Polyols – a comprehensive insight

Polyols – a comprehensive insight

By: Dr Roland Beck

What you will learn

In this course you will develop an understanding of the

  • technology,
  • functional properties and
  • industrial uses

of industrially relevant polyols derived from starch and other sugars such as Sorbitol, Maltitol, Mannitol, Xylitol, Erythritol, Isomalt and Lactitol.

Furthermore, a selection of polyol derivatives, their diverse functionality and use, as well as their production schemes are described.

 

Polyols – sugar-free and beyond

Polyols, also referred as sugar alcohols, are traditionally used in food as low caloric sweeteners carrying a “sugar-free” claim. The claim “Sugar-free” refers to the lower calorific value of polyols and their different metabolic pathway, making them suitable for diabetics.

Polyols are slowly and incompletely absorbed into the blood stream from the small intestines, which, in general, results in a smaller change in blood glucose than effected by easily digestible carbohydrates such as glucose or sucrose. As polyols are not metabolized by oral bacteria they do not contribute to tooth decay. Other functional properties include a pleasant cool taste and the physical, chemical and microbiological stability over a wide range of pH and temperatures, which make polyols a valuable food ingredient.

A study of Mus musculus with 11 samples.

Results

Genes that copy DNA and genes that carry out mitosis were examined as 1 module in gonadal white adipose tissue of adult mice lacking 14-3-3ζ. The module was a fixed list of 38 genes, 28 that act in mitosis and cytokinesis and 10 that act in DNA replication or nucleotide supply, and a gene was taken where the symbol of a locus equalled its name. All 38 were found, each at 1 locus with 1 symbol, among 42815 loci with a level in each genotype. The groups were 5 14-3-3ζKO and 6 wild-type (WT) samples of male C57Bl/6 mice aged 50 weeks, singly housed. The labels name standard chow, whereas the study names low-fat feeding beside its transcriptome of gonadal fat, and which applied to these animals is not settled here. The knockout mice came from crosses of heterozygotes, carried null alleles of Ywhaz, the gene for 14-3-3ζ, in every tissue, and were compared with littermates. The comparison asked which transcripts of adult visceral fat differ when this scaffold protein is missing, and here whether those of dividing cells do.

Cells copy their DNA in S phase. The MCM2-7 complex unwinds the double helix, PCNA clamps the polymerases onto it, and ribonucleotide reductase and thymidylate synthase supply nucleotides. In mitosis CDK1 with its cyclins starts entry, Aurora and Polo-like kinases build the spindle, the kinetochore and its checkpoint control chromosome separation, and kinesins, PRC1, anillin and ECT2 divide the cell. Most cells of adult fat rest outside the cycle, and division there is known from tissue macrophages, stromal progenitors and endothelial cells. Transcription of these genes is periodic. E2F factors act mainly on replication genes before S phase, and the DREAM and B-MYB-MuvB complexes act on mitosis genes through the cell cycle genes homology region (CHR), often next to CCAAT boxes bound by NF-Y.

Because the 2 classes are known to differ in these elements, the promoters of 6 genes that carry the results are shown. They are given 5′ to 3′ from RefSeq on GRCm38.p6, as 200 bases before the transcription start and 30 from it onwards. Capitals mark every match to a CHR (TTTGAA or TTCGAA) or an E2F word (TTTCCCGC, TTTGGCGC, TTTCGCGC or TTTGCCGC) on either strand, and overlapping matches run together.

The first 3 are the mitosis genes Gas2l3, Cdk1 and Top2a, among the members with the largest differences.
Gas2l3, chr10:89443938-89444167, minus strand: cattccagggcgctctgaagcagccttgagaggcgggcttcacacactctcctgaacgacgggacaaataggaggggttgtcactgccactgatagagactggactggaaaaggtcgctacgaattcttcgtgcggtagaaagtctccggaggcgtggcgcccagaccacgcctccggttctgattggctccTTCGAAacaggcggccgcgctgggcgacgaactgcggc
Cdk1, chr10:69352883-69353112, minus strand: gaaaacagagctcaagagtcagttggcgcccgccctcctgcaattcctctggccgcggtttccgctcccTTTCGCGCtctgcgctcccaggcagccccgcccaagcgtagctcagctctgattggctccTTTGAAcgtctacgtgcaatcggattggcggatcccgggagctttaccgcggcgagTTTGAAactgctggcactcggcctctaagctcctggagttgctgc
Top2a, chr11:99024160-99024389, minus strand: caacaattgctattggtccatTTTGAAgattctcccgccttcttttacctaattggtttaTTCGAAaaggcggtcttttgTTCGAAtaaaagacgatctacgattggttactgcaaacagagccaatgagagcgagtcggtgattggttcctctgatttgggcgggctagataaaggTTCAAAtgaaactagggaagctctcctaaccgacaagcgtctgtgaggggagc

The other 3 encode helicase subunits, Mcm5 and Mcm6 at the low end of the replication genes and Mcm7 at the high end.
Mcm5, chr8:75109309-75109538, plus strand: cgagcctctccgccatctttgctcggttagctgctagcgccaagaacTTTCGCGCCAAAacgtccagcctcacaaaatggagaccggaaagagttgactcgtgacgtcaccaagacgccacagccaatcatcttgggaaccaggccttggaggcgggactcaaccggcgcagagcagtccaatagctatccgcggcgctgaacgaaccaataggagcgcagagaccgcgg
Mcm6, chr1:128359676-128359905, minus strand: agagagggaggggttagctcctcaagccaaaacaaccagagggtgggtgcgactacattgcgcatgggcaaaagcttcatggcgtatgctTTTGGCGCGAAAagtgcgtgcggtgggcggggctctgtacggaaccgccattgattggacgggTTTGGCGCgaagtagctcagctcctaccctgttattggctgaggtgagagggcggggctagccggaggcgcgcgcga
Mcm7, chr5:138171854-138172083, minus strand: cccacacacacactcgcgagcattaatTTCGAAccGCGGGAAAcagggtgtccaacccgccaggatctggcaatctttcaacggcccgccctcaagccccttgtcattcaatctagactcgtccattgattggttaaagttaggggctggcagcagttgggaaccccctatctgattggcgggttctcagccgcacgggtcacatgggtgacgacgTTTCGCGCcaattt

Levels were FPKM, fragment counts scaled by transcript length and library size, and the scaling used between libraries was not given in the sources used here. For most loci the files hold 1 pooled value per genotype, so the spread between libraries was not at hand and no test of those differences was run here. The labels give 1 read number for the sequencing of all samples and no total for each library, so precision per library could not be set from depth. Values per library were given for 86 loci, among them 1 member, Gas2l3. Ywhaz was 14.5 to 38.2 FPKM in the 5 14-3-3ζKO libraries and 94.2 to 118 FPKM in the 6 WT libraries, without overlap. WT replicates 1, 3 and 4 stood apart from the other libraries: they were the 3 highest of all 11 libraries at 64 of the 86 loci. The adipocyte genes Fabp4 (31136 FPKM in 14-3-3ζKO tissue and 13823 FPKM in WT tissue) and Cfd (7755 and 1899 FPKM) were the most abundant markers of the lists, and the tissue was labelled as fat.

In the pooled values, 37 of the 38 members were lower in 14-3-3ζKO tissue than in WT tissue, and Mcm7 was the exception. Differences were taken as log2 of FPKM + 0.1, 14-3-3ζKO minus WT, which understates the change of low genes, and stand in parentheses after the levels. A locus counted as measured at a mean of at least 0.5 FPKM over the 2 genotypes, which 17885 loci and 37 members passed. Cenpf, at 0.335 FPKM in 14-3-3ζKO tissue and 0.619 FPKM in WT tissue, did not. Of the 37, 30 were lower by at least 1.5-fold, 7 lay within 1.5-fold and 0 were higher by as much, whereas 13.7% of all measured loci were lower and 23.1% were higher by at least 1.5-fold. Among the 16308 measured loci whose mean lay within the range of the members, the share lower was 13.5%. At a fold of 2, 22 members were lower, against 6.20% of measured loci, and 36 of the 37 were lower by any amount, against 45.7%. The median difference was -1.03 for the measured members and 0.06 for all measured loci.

Polyols as sustainable, renewable chemical raw materials

Beyond sweetness, sorbitol and its derivatives has become a bulk chemical raw material as polyfunctional building block for specialty chemicals.

Take this Course
August 12th, 2016|Food Ingredients, Green Chemistry, Starch|Comments Off on Polyols – a comprehensive insight

About the Author:

Roland Beck spent about half of his career in product and process development, sales and marketing with Cerestar, later Cargill, before joining Sensient’s Color Division initially as Commercial Director and subsequently as Managing Director, responsible for Europe, Middle East and Africa. He is author of about 70 publications and 20 patents, most of them dealing with the use of starch and its derivatives in the food and pharmaceutical industries.